La Boulangere

(Le Boulanger, La Boulanger)

{Mid-18th Century to Present}


Introduction

La Boulangere is an easy mixer that has been danced in various forms for over 250 years.

It is famous for being the only dance that Jane Austen mentioned by name, in Chapter 3 of Pride and Prejudice, as shown in the 1813 first edition above.

Several different versions of La Boulangere are described below.



Landrin's La Boulangere (c. 1760)

In his first Potpourri Francois des Contre-Danse Ancienne (c. 1760), Mr. Landrin of Paris describes the figure of La Boulangere as follows:



Translated:

One man takes his lady's right hand and takes a turn around her, then leaves her.
Give the left hand to the man who is on his right and take a turn with him.
Come back and take a turn with your lady and continue to turn with everyone else and come back to turn your lady.
In other words:
The first Lead offers his right hand to his partner and turns her once around by the right.

Then he offers his left hand to Lead to the right and they turn once around by the left.

Then he offers his right hand to his partner and turns her once around by the right again.

Then he turns that next dancer to the right (a Follow this time) once around by the left hand.

And turns his partner by the right again.

Repeat this pattern until he has danced with everyone.

Landrin doesn't explicitly describe the formation or the number of dancers, but based on other versions of the dance, it's reasonable to assume that this is also a circle for any number of couples. For this version to work as described, the Follows should be on the right, with everyone facing in.


Werner's Le Boulanger (1780)

In his 13th book of dances, for the year 1780, Francis Werner describes Le Boulanger as follows:



In other words:
All circle left, and all circle right back to places.

The first Lead turns the Follow to his left with his right hand.

Then he turns his partner with his left hand.

Repeat this pattern until he has danced with everyone.

Then repeat the circle left and circle right.

Then the Follow turns the Lead to the right with her right hand, and her partner with her left hand, repeating this with all Leads around the circle to place.

After the first couple has done this, every other couple does this in succession.

Note the many differences from Landrin's version:
  1. We've added a grand round to the beginning.
  2. The Lead travels clockwise around the circle, not counterclockwise.
  3. The Lead dances only with the other Follows, not with both Leads and Follows.
  4. The Lead offers his right hand to the other Follows, and his left hand to his partner, which is opposite of Landrin's version.
  5. After the first Lead does it, we repeat the grand round and then the first Follow does it (counterclockwise).
  6. After the first couple does it, every other couple does it in succession.


Campbell's La Boulanger (c. 1789)

In his Fourth Collection, c. 1789, William Campbell describes La Boulanger as follows:



In other words:

All circle left, and all circle right back to places.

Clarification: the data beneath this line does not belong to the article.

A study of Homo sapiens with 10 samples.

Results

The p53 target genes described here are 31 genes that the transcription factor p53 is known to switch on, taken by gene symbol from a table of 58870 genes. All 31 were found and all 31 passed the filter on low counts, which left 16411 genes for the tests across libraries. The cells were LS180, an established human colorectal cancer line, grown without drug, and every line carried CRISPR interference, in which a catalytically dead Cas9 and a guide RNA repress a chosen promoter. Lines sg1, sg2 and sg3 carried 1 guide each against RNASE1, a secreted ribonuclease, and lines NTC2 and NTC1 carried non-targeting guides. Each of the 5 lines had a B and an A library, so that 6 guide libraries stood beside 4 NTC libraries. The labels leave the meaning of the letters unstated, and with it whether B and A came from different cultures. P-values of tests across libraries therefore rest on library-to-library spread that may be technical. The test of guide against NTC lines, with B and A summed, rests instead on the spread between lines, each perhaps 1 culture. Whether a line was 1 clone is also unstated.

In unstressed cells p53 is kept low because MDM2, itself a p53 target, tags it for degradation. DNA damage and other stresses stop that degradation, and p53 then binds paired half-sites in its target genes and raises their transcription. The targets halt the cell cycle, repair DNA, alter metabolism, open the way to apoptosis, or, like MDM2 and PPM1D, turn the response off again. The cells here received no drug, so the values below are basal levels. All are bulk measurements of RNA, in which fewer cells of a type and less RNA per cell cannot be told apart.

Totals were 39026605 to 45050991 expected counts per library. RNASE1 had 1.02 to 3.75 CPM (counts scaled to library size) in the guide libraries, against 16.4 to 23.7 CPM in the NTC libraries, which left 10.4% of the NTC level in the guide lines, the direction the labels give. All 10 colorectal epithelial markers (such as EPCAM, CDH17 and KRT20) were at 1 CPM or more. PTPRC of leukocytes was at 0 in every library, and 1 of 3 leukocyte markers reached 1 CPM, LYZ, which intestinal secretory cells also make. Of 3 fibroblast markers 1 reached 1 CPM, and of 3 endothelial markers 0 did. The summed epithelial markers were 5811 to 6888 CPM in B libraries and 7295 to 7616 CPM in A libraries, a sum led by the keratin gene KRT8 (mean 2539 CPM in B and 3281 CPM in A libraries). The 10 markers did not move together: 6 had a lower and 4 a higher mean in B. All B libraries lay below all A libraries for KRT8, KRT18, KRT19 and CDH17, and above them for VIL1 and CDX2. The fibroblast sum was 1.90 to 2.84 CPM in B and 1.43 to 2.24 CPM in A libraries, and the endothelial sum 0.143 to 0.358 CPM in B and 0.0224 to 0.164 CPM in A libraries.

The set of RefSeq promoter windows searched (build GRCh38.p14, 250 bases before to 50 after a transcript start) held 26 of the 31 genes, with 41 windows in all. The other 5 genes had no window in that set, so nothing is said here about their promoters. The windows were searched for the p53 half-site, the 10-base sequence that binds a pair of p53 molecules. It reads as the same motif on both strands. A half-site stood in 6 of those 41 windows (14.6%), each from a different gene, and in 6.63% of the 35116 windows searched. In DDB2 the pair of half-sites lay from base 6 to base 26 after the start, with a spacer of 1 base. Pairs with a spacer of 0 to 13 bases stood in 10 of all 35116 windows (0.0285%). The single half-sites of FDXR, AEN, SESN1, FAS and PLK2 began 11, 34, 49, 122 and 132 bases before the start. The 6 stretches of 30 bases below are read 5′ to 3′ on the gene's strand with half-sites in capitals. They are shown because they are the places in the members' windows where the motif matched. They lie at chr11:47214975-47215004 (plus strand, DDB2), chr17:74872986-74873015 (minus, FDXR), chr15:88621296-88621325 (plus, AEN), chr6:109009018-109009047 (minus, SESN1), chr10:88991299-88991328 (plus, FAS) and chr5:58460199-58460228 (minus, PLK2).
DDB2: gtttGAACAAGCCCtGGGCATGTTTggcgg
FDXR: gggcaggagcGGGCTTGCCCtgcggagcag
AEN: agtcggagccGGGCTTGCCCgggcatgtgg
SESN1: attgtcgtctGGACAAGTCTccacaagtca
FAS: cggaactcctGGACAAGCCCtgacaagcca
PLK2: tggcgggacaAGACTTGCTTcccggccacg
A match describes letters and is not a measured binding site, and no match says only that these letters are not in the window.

The first Follow turns the Lead to her right with her right hand.

Then she turns her partner with her left hand.

Repeat this pattern until she has danced with everyone.

Then every Follow dances the figure.

Then every Lead dances the figure.

Given the structure of the music, there is likely a grand round in between each repeat of the figure. This isn't explicitly stated, but it is strongly implied by the fact that two parts of the tune are mentioned, with the grand round being danced to the first part of the tune, and the figure to the second.

The notable differences between this one and Werner's are:
  1. The first Follow dances first, not the first Lead.
  2. All of the Follows dance in order, then all of the Leads, rather than alternating roles based on the order of the couples.
  3. Though not explicitly stated, the Follows and Leads both appear to travel the same way around the circle (counterclockwise), rather than traveling different directions around the circle.


Howe's La Boulangere (1862)

In his American Dancing Master from 1862 (and several other publications in the 1860s), Elias Howe describes La Boulangere as follows:




In other words:

In a single circle with the Leads facing in and the Follows facing out

All circle clockwise, and all circle counterclockwise back to places (Leads are technically circling left and Follows are technically circling right).

The first Lead turns his partner by the right hand.

Then he turns the next Follow by the left hand.

While he is doing this, his partner "turn[s] by herself inside the circle," while "keeping as far as she can from him."

Then he turns his partner by the right hand.

Repeat this pattern until he has danced with all of the Follows.

Then everyone dances the grand round again.

Then the second Lead dances the figure, then the third, and so on, always doing the grand round in between.

Then all of the Follows dance the figure in succession, always doing the grand round in between.

"When the party is very large, two couples may begin at the same time, one at the top and the other at the bottom of the room."

The notable differences between this version and the previous versions are:
  1. The formation is different, with Leads facing in and Follows facing out.
  2. While the active dancer is away from their partner, their partner turns by themselves in the center of the circle.
  3. The idea that two couples can dance it at the same time is new.


Sources


© 2020 Nick Enge


For more, see our two books on dancing:
Waltzing: A Manual for Dancing and Living (2013) by Richard Powers and Nick Enge,
and Cross-Step Waltz: A Dancer's Guide (2019) by Richard Powers and Nick & Melissa Enge.